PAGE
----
SAN ANTONIO (AP) — Jerry Jones climbed a few steps onto a podium, then settled in next to coach Wade Phillips for the annual “state of the Dallas Cowboys” news conference.

They were sitting in the center section of a wide table with an ad for a truck maker draped in front. Right where Jones and Phillips sat, the cardboard cutout showed a giant, close-up image of the grille of a pickup, giving the illusion the two men were sitting in the front seat.

Any guesses who was on the driver’s side?

Twenty-plus years after buying the Cowboys, Jones remains as firmly in charge as the day he arrived and proclaimed himself the boss “from socks to jocks.” He’s just as giddy, too.

Although Dallas hasn’t won a playoff game since 1996, Jones hopes this year’s club can bring him his fourth Super Bowl title. Yet his emotional attachment to this year’s team is nothing compared to his financial commitment: about $100 million in cash, his most ever, and that’s on top of the $1.15 billion spent on the new stadium.

“I can’t wait to get up every day,” Jones told The Associated Press. “It’s the potential. The combination of the stadium and then having a team that could compete in it right off the bat as a contender, that would be maybe more than I can stand.”

This conversation came near the 50-yard line of the Alamodome following a practice that drew 13,708 fans, the most his club’s ever pulled in here, even dating to the days when Emmitt Smith was playing. The amazing thing is, these Cowboys are doing it without a drawing card like Terrell Owens and they’re coming off a season in which they shriveled from preseason Super Bowl favorites to missing the playoffs.

To Jones, the turnout is further proof of his team’s unbridled popularity. As he crowed during that camp-opening news conference, “We’re the most-watched program there is in all of television.”

More confirmation is all around him in the form of sponsors’ banners — big, small and inflatable, from a 40-foot beer bottle to a 25-foot smiling sack of groceries.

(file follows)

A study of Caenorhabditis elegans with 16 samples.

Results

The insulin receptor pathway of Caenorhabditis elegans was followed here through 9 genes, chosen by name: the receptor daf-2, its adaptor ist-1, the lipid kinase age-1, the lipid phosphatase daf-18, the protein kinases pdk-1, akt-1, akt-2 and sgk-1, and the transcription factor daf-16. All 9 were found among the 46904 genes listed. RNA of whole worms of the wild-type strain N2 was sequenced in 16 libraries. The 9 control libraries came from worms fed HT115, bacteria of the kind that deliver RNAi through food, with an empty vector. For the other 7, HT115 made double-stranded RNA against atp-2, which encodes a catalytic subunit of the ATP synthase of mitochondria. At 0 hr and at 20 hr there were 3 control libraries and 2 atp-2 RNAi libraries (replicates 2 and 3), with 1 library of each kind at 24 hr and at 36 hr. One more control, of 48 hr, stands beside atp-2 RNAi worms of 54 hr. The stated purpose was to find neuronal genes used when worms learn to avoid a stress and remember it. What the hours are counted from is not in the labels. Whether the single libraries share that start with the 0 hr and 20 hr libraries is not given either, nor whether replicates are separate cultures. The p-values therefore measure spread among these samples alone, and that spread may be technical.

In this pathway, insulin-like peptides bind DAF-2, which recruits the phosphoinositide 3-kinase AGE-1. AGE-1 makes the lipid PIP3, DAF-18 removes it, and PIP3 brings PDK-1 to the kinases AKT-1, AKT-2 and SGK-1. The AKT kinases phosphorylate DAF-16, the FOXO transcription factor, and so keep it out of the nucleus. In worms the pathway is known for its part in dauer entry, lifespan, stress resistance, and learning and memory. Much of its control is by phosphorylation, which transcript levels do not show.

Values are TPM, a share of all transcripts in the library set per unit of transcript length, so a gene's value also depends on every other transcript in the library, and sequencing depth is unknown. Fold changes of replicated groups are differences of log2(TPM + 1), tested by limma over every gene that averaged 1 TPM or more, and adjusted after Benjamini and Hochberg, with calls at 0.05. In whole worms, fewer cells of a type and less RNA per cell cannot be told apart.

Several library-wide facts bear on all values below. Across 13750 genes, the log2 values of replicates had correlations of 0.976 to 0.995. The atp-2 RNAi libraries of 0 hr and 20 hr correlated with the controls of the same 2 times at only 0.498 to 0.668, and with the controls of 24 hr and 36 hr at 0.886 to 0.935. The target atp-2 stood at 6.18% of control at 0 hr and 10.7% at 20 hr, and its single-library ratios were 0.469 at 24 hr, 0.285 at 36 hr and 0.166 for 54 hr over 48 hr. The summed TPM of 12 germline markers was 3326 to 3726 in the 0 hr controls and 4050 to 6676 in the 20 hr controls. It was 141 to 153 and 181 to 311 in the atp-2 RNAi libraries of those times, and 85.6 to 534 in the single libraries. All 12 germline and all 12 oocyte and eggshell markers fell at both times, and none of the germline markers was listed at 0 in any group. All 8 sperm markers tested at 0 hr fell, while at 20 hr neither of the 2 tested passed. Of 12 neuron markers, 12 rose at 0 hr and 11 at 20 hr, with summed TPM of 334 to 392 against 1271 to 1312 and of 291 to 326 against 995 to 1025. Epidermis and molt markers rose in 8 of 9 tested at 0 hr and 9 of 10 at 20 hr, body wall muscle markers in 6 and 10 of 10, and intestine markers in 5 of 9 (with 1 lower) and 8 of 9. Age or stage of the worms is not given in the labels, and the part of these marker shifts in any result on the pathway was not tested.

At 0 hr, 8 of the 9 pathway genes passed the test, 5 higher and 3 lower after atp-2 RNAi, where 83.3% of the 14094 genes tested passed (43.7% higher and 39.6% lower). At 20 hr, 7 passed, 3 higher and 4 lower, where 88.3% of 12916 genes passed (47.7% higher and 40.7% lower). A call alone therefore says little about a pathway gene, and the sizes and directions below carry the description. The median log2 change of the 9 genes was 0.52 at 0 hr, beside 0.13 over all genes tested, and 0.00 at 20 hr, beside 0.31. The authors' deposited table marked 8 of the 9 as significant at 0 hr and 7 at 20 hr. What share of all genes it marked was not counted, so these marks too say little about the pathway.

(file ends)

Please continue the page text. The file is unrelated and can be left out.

Down economy? Not around this team.

But that’s the business side, the “owner” and “president” titles Jones carries. Those fans in the stands care more about the football side, and Jones oversees that, too, as the general manager. It was his decision to release T.O. and make other offseason moves that he memorably described as being “Romo-friendly.”

Jones knew something had to give after last year’s failure. While he dismisses the concept of locker-room chemistry, insisting that wins and losses set the mood, he did get rid of several older players with difficult personalities. He also chose to surround quarterback Tony Romo and linebacker DeMarcus Ware with younger, less-proven players.

The plan is risky, but Jones is nothing if not a gambler.

In 1989, he gave up being an oil wildcatter (talk about a risky business), sold everything he owned and borrowed the rest to buy the Cowboys for a then-whopping sum of $140 million. His first move was to fire Tom Landry and replace him with a college coach with no NFL experience but who’d played football with Jones at Arkansas in the early ’60s.

Hiring Jimmy Johnson worked out quite well, as did trading Herschel Walker for a bundle of draft picks. Dallas won Super Bowls following the 1992, ’93 and ’95 seasons, the last after Jones rolled the dice again, replacing Johnson with Barry Switzer.

The franchise hasn’t been anywhere near the top since the prime years of the players acquired during Johnson’s heyday. The climb back has taken so long that if the Cowboys don’t win it all this year, they’ll match the longest stretch without a championship in club history, 14 seasons.

“I should know more about what I’m doing than I did 21 (seasons) ago. Consequently, it ought to keep your feet on the ground – but it doesn’t,” Jones said. “That’s exciting.”

The excitement shows. When Tashard Choice, the third man in a three-man running back rotation that will be a big part of Dallas’ plans this season, walks by, Jones interrupts himself to go pat Choice on the back.

Soon after, Jones sees Miles Austin, a fourth-year receiver who has shown he can make big plays but hasn’t shown he can stay healthy. Jones is off again.

“You’re giving every ounce, every day,” Jones said, smiling wide. “Way to go, Miles.”

The stadium is finished, the roster reshaped. All that remains is about six weeks of waiting until Jones can start finding out whether he invested wisely.

“It is reminiscent to me of the feelings and the excitement I had in the early years, right after I bought the team, because you’ve got it hung out there a little bit,” Jones said. “This has been one of the busiest offseasons we have had. Certainly, it had its challenges.

“Hopefully we’ll get some breaks and we’ll get to where we all wanted to be last year.”